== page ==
Apple always had an arrogant, “take it or leave it” approach. It’s in the company’s DNA, whether we talk about the infamous “you’re holding it wrong” moment, or the “people don’t know what they want until you show it to them” attitude, where they give you something regardless of whether you want it or not, and you have to learn to like it or live with it.
At the end of the day, it’s the market that dictates the needs and the prices, and, as long as Apple continues to sell millions and millions of its products, the approach seems to work. Customer satisfaction numbers and ratings also seem to back it up, but wouldn’t things be even better if once in a while you would listen to your customers, Apple?
I’ve recently stated in a previous installment of “The Editor’s Desk” that, at this point, it’s Apple’s stubbornness that keeps a foldable iPhone off the shelves. I also believe it’s the same stubbornness and “we know better” mantra that keeps Touch ID off iPhones at times we need it most.
You see, just yesterday, Mark Gurman predicted that Touch ID will likely never return to the flagship iPhone, and I believe that’s a big mistake.
I have been, ad nauseam, advocating all of 2020 for a solution to unlocking the iPhone while wearing a mask. Obviously, nobody could have predicted the pandemic and that we’re all going to have to wear masks that render Face ID inoperable.
It took Apple until April 2021 to release iOS 14.5 and watchOS 7.4 to allow users who wear a mask to unlock their iPhones without taking the mask off, relying on their unlocked Apple Watch.
It would have been a lot easier, and safer, to just unlock it using Touch ID, but Apple is adamant in keeping the feature away from its flagship users. All of this while heavily pushing Touch ID on the Mac and the Magic Keyboard to unlock, log in, switch users, and approve purchases.
If Apple was able to cram all the hardware required for Face ID into a small portion of the iPhone, do you honestly think it would pose any difficulties in building it into the Mac? Of course not, the problem is the “want”, or “want not” to.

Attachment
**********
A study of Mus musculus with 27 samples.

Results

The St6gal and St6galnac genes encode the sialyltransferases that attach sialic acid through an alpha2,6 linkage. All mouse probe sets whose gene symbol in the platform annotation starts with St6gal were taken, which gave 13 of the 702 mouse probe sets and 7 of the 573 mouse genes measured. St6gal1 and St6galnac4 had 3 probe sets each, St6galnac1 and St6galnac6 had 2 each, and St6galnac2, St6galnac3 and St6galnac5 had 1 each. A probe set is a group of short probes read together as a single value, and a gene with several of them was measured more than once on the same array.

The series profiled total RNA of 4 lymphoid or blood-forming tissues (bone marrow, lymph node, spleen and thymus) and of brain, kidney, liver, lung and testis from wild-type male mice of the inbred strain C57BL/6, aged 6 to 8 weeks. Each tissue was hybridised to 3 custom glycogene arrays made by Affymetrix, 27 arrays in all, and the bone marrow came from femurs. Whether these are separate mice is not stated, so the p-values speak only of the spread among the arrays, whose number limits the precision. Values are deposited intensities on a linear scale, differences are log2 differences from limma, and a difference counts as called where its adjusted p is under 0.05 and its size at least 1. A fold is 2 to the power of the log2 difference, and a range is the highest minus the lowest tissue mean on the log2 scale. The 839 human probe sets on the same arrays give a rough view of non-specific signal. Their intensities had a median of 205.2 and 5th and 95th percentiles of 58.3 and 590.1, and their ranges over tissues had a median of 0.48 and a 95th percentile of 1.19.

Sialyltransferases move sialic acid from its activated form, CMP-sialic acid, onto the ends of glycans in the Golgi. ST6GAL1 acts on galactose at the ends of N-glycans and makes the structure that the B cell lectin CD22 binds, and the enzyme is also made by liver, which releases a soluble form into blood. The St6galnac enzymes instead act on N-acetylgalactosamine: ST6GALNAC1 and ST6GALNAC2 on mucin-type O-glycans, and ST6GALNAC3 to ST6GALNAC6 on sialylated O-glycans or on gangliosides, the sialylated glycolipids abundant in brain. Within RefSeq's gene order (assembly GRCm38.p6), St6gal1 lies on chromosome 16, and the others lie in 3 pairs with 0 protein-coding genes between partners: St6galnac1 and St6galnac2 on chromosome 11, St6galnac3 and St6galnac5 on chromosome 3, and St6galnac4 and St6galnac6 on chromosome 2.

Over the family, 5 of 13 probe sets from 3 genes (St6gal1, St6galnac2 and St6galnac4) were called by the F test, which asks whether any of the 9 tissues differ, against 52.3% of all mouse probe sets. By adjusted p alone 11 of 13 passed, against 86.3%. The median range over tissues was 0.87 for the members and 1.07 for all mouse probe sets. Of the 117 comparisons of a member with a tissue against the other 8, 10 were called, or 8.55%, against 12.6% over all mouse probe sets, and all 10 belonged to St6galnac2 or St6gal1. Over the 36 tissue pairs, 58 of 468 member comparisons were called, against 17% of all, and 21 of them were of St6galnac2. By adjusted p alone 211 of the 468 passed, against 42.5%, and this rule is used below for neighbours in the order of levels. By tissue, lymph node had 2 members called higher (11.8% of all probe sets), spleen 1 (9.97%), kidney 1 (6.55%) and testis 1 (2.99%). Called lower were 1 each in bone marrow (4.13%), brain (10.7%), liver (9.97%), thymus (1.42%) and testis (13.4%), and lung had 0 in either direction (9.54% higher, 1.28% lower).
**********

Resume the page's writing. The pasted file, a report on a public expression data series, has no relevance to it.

So, on one hand, you have Touch ID on a device you’re most likely using without a mask, and Face ID on a device which you’re more likely to use wearing a mask. Does that make any sense?
Most manufacturers successfully embedded a fingerprint scanner under their displays, and Apple themselves, according to Gurman, have tested it internally. I’m pretty sure the tests were successful, but Apple decided, once again, not to offer users what they need, but instead insist on telling us that we want Face ID.
Here’s an idea, Apple: why not have them both? You can have your cake, users can have their cakes, and we can all just eat.
In this day and age, I don’t believe in limitations, especially when it comes to a company like Apple. But let’s say something pretty darn serious is holding Apple back in putting a fingerprint scanner underneath the display. Here’s another idea, Apple: make a larger power button and put the damn thing in there. Put it on the side as a dedicated region, put it on the back, inside the Apple logo, just understand that it’s something some users really might need.
It’s always easier to not use something you already have, rather than needing something that’s not there. I’m pretty sure there are some clever chaps in R&D who can figure it out …if you only wanted to.
I guess the bottom line is this: dear Apple, it’s OK, once in a while, to listen to your users/customers and give them what they want/need, instead of insisting you know better.
But, in all fairness, at the end of the day, it’s the customers’ choice. If they keep buying your products while wanting/needing features that aren’t there, that just keeps enabling your approach.
So, dear Apple, please listen every now and then! We’ll all appreciate it!
Thanks for reading! Welcome to The Editor’s Desk!